PSG and Spurs: Soulmates in failure, companions in incompetence, Europe’s greatest losers
The powerful history of the Tottenham and a losing culture carefully constructed at PSG came together in a beautiful evening of Champions League failure.
It is impossible to conceive two more heritage-fuelled, introspection-demanding, pathetic but ultimately inevitable simultaneous Champions League exits. Tottenham and Paris Saint-Germain, perennial pretenders in Europe’s VIP section, did not manage a single goal between them in being dumped out of the competition by continental royalty.
Both will part with their managers at the end of mutually miserable seasons. Both will continue the process of ultimate failure this summer. Neither will learn from the innumerable mistakes they have made to find themselves locked in that risible cycle.
Tottenham’s surrender to AC Milan was crushingly predictable. Harry Kane completed the first season of his Champions League career without a non-penalty goal. Cristian Romero fulfilled his manifest destiny. Supporters cursed the introduction of a centre-half for a forward as the hosts’ forlorn search for a decisive goal in the closing stages amounted to a quick check down the side of the sofa and a collective shrug of the shoulders. Antonio Conte returned to the touchline and was not alone in wondering why he bothered.
“My contract expires in June,” said the Italian after the game. “We will see – they might sack me even before the end of the season, who knows,” he added, struggling to mask his excitement at the mere prospect.
Conte likely shares the opinion from one of his own players that this season been “sh*t” on a more granular level. Tottenham are fourth in the Premier League but the games in hand possessed by the two teams directly below them muddy those waters somewhat. They have not managed three consecutive league wins all season. The serial winner has presided over a hat-trick of goalless tournament departures, the other two of which were against Nottingham Forest and Sheffield United. Their seven first-team signings this season have come at a cost of around £160m, not to mention the £60m worth of options on making Dejan Kulusevski and Arnaut Danjuma’s loans permanent and the £39.7m due to Sporting this summer for Pedro Porro.
Another manager will inherit another mess of a squad soon.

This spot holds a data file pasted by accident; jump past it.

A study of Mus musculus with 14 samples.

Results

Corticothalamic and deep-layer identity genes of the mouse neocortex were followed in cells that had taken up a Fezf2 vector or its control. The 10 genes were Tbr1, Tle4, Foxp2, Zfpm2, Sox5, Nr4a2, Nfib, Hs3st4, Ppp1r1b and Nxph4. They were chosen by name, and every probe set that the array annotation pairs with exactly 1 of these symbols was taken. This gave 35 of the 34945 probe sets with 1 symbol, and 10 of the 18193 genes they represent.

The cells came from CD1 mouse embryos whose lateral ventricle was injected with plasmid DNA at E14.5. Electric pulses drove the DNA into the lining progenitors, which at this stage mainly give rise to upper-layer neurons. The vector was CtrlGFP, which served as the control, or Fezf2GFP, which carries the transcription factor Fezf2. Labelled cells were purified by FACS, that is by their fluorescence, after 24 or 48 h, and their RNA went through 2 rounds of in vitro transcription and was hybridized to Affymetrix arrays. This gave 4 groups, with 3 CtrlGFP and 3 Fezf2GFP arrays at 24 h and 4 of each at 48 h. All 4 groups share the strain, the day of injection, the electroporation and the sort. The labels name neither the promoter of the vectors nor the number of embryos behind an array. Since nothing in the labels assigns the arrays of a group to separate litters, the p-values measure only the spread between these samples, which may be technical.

Apropos of everything, Paris Saint-Germain’s submission to Bayern Munich was reassuringly routine. Kylian Mbappe and Lionel Messi scored five goals between them in a preposterous World Cup final 80 days prior, but were powerless as Eric-Maxim Choupo-Moting – signed by the German champions for free from the French giants in 2020 – and PSG academy reject Kingsley Coman put them out at the last-16 stage for the fifth time in seven seasons.
“It’s really too early to talk about it,” claimed Christophe Galtier, fooling no-one into believing his superiors won’t already have had those annual discussions and made up their minds. “It obviously depends on the management and my president. There’s a disappointment. The club had a lot of hopes for this competition,” he continued, rather downplaying the unfiltered obsession QSI has had over the Champions League since purchasing PSG in 2011.
Galtier surely agrees with Mbappe‘s assessment that “this is the maximum we can do” – a damning indictment from Europe’s highest-paid footballer and the second-most expensive player in history. For all the money thrown at this squad, their attacking strategy was reduced to lumping it long for Sergio Ramos, the 36-year-old centre-half they signed as a free agent.
Not even he, the 180-cap Spain international, five-time world and six-time European champion for club and country, and winner of 27 trophies in an illustrious career, could override the losing culture at PSG, much like no-one has proven capable of rewriting the history of the Tottenham. They are brothers in flailing arms, fated to forever stamp on and stumble over each other’s feet in the dance of incompetence. And Wednesday evening was a dual achievement in awfulness.